Monday, 22 July 2019

"The Post": Accidentally Tapping Into People's Pain

This is the story of our most viewed post, by a factor of more than 15 times.


Have a look at the stats for our top posts, all time.


I just changed that introductory sentence from "most successful" to "most viewed".  Our most successful post would the one that helped most, whether it be the author or readers of the post, or anybody. I don't know what post that is.  But  "most viewed" is unarguable. Also most commented on, again by many many times.

But that post feels very like a mixed blessing. Somehow it has sparked so many people to express their pain, and the pain seems so overwhelming.

The post title, "I don't necessarily want to kill myself", comes from this wonderful comic: "Depression Part Two" by the wonderful Allie Brosh.  The comic is a long one and expresses a lot about how I felt.  The phrase I used comes in this panel:


The post itself is not massively insightful. I do remember an early comment which criticised me for stealing the title from somebody else's work, which seemed odd and that comment disappeared quickly - either deleted by the author or my co-founder of the site deleting it as a rude comment.

That was it for the post.  So why is it - capital letters - The Post?

As time passed and we moderated further comments, we saw more and more painful and deeply pained comments of people it had struck a chord with.  You can if you wish go and find the comments yourself, but here are some excerpts. In fact to reduce triggers I'm only taking some indicative comments, not the worst things people said:
Even on a great day, given the choice I would opt out of living.
I feel as though my existence is worthless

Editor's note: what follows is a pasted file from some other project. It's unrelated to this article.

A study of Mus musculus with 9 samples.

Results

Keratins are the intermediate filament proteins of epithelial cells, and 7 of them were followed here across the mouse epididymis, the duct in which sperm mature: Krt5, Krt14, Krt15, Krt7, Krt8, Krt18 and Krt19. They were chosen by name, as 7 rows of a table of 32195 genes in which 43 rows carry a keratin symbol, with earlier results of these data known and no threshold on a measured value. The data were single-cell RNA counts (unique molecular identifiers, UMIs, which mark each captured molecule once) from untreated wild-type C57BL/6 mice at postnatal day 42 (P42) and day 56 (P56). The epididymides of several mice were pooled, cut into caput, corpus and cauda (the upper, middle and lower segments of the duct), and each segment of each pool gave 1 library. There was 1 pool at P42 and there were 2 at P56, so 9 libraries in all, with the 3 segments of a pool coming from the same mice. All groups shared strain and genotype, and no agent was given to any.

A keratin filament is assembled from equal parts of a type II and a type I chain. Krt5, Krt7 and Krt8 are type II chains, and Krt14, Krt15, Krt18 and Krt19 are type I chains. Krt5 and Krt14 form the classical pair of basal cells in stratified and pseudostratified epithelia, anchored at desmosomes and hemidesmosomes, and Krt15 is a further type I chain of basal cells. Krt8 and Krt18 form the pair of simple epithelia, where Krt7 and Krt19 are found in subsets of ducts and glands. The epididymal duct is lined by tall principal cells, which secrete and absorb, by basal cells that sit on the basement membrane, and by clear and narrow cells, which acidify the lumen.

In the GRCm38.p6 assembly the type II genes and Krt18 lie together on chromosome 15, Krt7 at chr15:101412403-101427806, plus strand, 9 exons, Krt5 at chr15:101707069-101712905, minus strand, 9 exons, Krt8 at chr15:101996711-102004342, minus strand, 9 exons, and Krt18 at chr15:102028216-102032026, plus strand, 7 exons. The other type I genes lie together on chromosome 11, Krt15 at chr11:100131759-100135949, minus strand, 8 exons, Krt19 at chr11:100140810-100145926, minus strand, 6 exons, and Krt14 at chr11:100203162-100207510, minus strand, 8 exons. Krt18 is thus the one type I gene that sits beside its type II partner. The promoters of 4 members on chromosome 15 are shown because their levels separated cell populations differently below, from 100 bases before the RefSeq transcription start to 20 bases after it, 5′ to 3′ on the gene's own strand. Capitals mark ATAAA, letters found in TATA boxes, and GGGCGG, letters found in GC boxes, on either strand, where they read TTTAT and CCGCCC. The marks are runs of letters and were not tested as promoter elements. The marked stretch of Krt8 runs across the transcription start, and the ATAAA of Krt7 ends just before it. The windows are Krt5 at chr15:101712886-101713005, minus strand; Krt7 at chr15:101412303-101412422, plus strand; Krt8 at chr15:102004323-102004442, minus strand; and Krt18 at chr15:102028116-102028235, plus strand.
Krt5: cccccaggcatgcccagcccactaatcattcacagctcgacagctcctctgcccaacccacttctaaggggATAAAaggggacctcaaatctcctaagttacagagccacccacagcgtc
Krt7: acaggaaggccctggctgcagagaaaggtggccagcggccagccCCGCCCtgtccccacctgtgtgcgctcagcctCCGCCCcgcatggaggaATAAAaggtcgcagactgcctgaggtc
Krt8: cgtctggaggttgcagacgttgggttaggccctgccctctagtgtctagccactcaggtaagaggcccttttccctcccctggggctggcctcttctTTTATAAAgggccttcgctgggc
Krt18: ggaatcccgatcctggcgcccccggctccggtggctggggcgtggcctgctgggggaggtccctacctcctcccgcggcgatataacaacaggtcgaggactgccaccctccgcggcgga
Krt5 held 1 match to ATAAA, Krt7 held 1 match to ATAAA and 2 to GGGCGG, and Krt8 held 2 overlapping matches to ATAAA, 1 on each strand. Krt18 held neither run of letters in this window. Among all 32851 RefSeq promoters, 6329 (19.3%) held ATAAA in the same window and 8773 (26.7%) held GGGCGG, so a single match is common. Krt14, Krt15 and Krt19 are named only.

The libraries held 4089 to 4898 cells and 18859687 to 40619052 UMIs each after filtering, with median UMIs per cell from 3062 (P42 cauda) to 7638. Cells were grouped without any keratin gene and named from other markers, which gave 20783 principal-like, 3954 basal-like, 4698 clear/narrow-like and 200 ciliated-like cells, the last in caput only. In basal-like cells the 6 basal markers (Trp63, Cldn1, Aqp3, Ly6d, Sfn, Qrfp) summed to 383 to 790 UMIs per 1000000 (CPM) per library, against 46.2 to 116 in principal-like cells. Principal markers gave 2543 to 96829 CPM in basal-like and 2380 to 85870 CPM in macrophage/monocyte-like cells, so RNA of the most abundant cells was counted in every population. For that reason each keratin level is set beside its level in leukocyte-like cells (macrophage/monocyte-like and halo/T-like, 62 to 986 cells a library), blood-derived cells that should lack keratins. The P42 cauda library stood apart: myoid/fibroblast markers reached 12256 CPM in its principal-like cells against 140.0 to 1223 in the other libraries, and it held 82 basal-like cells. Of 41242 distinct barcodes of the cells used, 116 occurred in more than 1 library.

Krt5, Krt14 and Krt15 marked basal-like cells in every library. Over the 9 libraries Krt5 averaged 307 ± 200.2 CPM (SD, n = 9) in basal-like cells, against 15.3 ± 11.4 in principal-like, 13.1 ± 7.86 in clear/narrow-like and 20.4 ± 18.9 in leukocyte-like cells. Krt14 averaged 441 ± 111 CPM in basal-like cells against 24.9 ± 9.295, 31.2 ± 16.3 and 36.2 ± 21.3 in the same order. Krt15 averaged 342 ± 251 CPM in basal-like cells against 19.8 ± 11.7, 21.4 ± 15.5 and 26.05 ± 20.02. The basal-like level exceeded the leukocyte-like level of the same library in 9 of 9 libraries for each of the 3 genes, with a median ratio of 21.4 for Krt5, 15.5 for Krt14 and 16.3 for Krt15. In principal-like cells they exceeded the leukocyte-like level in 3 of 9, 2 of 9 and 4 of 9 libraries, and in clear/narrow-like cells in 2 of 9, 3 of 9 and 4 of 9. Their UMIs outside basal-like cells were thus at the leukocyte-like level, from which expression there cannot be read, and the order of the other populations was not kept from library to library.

I hate my existence, I hate the world I live in. 
Wishing I didn't exist is an everyday thing for me. 
I completely relate to it and this was almost word for word what I typed into google.
Those are just quotes from the first five comments, not selected highlights.  We have more than 100 comments and many of them are hundreds of words long.  The pain is just so immense, and these are people who don't want to kill themselves.  It's heart-rending to read the comments and there is so little or nothing we can do to help. At the same time of course it's humbling to have written something that touches so many people. And we are pleased to have been able to let people speak for themselves on our site. 

Being a sounding board like this is part of what we wanted for the site, but most people posting are not academics, or don't say they are.  Why?  What happened?

I think the clue is in the quoted text of the last comment: "what I typed into google".  I think that typing in that you didn't want to kill yourself had a good chance of landing at our page.  I think it used to be on the first page of results and it's still in the first few pages.  (The first hit is now and has for some time been for a counselling service for the suicidal, which is a good match, whether through an automatic process or manual intervention.) 

So somehow we hit on something that doesn't get a lot of attention (of course on the back of a great artist's work on the same topic.) 

But the human pain we accidentally uncovered, and seeing it in our comments as we moderate them, is ...  ...  .... sorry I don't even know how to finish that sentence.  But it's a remarkable thing and I think clearly shows why it's The Post.


No comments:

Post a comment

Comment policy:
We reserve the right to edit all comments. In particular, we will not tolerate phobic content (race, sex, gender, sexual orientation, nationality, religion, mental health status, etc.) nor personal attacks or threats toward another commenter, significantly off-topic, or is an obvious trolling attempt.